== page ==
The changing usage patterns of Australian broadband customers means that one of the key revenue streams for NBN — the Connectivity Virtual Circuit (CVC) charge — needs a major rethink, according to Optus’ head of regulatory affairs, David Epstein.
NBN levies two major charges on retail service providers (RSPs) that sell services across the National Broadband Network. One is the per-customer Access Virtual Circuit (AVC), which is purchased at different speed tiers.
The second is the CVC, which is a capacity-based charge based on blocks of 100 megabits per second shared between an RSP’s customers.
Epstein told the CommsDay summit in Sydney that Optus’ analysis of figures in NBN’s half-year results indicated RSPs are provisioning 0.849Mbps of CVC for each end-user, with each 100Mbps CVC block shared between 116 end users.
“This is where we hit the congestion: In peak periods when a large number of customers start to use their service speeds will drop dramatically as there is insufficient head-room capacity,” Epstein said in remarks prepared for the conference.
NBN has previously revealed that CVC under-provisioning by RSPs was the root cause of some complaints in areas where fibre to the node (FTTN) has been rolled out.
“The CVC pricing construct was established with the aim of promoting take-up of services and allowing NBN Co to recover its costs over time,” Epstein said.
“Laudable aims. But the current CVC regime has not kept pace with changing customer behaviour. As a result, it is fostering some perverse incentives.”
“The CVC pricing construct effectively drives RSPs to reduce end-user costs by provisioning their networks to achieve a minimum level of acceptable speed throughput in the peak period rather than to maximise speed throughput,” the Optus executive said.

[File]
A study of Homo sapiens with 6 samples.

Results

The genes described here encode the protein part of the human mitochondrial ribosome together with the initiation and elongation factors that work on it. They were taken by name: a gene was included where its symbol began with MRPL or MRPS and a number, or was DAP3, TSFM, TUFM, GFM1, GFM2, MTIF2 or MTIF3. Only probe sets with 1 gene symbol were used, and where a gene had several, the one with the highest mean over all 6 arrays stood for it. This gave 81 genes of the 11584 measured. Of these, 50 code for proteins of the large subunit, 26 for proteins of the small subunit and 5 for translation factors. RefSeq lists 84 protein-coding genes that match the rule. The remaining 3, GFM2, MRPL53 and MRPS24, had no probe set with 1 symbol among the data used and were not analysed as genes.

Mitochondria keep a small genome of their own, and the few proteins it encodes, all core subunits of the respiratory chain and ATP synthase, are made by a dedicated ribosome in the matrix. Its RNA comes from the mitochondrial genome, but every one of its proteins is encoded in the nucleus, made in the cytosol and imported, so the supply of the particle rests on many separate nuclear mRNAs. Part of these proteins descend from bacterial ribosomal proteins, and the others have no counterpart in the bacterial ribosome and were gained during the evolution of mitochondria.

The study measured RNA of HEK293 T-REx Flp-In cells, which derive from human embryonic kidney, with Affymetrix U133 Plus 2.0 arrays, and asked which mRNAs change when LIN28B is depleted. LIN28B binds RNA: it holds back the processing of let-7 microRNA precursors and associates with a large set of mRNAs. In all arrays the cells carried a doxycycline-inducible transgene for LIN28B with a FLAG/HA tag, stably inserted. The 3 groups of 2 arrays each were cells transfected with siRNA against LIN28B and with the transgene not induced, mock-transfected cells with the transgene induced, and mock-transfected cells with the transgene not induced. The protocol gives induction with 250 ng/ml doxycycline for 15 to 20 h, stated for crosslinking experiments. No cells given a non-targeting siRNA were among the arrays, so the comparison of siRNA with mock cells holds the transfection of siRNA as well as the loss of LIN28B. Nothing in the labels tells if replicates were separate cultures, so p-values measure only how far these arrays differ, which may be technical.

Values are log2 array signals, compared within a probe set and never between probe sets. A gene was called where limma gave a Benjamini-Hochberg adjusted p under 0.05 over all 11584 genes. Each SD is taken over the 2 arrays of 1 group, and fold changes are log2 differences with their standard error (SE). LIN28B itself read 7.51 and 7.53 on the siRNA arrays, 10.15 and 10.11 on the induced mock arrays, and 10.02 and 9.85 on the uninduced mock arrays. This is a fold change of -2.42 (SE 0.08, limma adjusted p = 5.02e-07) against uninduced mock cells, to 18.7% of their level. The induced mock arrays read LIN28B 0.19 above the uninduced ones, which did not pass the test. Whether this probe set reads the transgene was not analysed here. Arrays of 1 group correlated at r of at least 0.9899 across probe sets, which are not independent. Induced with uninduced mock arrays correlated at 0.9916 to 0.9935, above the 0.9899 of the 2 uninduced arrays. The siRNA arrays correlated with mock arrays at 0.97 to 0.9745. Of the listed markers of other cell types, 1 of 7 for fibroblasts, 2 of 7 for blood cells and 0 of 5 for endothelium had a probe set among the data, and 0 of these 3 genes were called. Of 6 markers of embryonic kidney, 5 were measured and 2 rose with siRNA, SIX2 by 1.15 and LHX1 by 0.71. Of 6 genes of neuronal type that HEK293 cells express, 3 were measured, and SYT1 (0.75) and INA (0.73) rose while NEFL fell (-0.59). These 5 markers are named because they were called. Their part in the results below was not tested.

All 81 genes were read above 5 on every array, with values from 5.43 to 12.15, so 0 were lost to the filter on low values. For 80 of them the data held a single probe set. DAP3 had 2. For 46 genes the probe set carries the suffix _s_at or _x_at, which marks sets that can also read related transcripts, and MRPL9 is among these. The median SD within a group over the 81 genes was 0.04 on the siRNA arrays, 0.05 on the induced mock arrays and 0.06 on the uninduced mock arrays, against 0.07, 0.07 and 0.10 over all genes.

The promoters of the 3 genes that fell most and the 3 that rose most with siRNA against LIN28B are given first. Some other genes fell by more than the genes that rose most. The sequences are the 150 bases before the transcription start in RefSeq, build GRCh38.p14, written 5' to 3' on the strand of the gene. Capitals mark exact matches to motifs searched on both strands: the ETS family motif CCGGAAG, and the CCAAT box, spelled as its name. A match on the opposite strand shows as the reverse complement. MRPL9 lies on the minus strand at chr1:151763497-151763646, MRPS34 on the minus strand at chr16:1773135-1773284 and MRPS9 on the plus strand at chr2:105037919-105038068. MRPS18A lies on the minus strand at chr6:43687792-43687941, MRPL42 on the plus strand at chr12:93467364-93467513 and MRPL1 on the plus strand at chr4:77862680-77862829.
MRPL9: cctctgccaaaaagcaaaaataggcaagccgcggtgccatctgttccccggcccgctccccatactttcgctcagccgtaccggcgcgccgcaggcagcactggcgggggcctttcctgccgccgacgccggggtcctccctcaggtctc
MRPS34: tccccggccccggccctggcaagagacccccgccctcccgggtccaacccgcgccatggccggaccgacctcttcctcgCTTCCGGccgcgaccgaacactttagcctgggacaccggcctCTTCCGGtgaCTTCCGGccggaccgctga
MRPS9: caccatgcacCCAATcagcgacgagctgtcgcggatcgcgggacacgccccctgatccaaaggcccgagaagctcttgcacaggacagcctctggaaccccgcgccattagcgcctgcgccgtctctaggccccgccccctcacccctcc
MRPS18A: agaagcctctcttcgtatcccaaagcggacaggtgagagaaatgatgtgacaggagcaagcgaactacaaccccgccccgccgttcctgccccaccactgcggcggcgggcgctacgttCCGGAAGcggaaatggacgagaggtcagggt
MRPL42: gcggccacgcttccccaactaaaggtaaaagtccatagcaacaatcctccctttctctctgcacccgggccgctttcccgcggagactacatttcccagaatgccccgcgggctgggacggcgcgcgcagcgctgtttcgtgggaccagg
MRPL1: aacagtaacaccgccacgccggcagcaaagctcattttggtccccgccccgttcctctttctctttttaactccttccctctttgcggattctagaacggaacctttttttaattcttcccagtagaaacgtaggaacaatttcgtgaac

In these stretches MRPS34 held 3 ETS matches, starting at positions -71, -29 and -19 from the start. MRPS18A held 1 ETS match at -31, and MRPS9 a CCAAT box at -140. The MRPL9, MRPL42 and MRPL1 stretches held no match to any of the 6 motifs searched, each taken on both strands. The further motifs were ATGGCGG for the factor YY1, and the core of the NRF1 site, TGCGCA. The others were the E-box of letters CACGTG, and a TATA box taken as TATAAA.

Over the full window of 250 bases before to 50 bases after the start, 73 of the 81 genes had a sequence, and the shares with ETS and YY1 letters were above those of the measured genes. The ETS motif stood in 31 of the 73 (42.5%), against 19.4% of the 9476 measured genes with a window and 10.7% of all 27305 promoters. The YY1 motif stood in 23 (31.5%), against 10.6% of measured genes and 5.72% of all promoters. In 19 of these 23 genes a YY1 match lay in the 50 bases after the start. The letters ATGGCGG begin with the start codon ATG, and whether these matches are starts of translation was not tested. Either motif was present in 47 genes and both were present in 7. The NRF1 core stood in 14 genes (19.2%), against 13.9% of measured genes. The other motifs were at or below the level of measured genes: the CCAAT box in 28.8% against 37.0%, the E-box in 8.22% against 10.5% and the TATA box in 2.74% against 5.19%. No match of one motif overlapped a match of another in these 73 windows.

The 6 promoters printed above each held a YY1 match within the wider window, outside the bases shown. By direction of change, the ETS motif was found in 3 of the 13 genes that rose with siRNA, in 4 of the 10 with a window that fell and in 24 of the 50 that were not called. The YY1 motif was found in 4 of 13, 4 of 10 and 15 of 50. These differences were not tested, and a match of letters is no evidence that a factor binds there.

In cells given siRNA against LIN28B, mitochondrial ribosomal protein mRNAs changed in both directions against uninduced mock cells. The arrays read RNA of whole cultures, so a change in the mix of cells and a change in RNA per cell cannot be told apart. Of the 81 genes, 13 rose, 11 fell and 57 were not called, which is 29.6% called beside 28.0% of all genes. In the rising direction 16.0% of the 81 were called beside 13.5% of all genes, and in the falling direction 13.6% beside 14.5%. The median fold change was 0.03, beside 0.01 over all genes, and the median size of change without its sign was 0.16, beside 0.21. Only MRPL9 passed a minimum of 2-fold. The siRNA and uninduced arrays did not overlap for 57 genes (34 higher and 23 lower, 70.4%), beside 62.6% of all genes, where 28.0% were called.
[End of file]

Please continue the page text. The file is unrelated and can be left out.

“In effect, CVC pricing forces RSPs to have little or no throughput head room in peak times; leading to adverse customer outcomes. This is the opposite of the way next generation broadband networks are being provisioned in overseas jurisdictions.”
As the rollout continues and more customers are brought on to the network, the problem will worsen, Epstein said.
NBN yesterday announced it was pushing ahead with a CVC discounting scheme that is intended to encourage RSPs to provision more capacity.
The dimension-based discount scheme operates on a Mbps per customer basis instead of total Mbps basis; the greater the capacity per user, the greater the discount.
However, NBN said that the scheme, which kicks in on 1 June, will initially operate on an industry basis instead of a per-RSP basis.
“Customers are being ‘sold’ the vision of high speed services on the NBN,” Epstein said.
“In periods of high demand, such as evening peak, these expectations cannot be met because of the relatively high price of CVC.
“The evidence is clear that customers want to get on the NBN and they want to use fully the capabilities of the network. NBN Co needs to adapt its pricing model to fulfil their needs.”
Such an adjustment “cannot be done overnight,” he added. A first step would be to review the “industry averaging” approach used by the CVC discounting scheme.
“Using an industry averaging approach might provide an interesting lab test to allow some exploration of a retail customer’s willingness to pay or the possibilities for ‘monetising’ speed tiers but it is likely to pose serious challenges in the real consumer market,” he said.
Short term return on invested capital shouldn’t be the primary objective of NBN, Epstein said.
“This is an enterprise also designed to deliver other outcomes, such as enabling competition, delivering better quality services to consumers at lower prices and creating sustainable commercial enterprises,” he said.
“There needs to be recognition of these factors and its impact on the capex profile of NBN Co in the variable component of its charging regime.”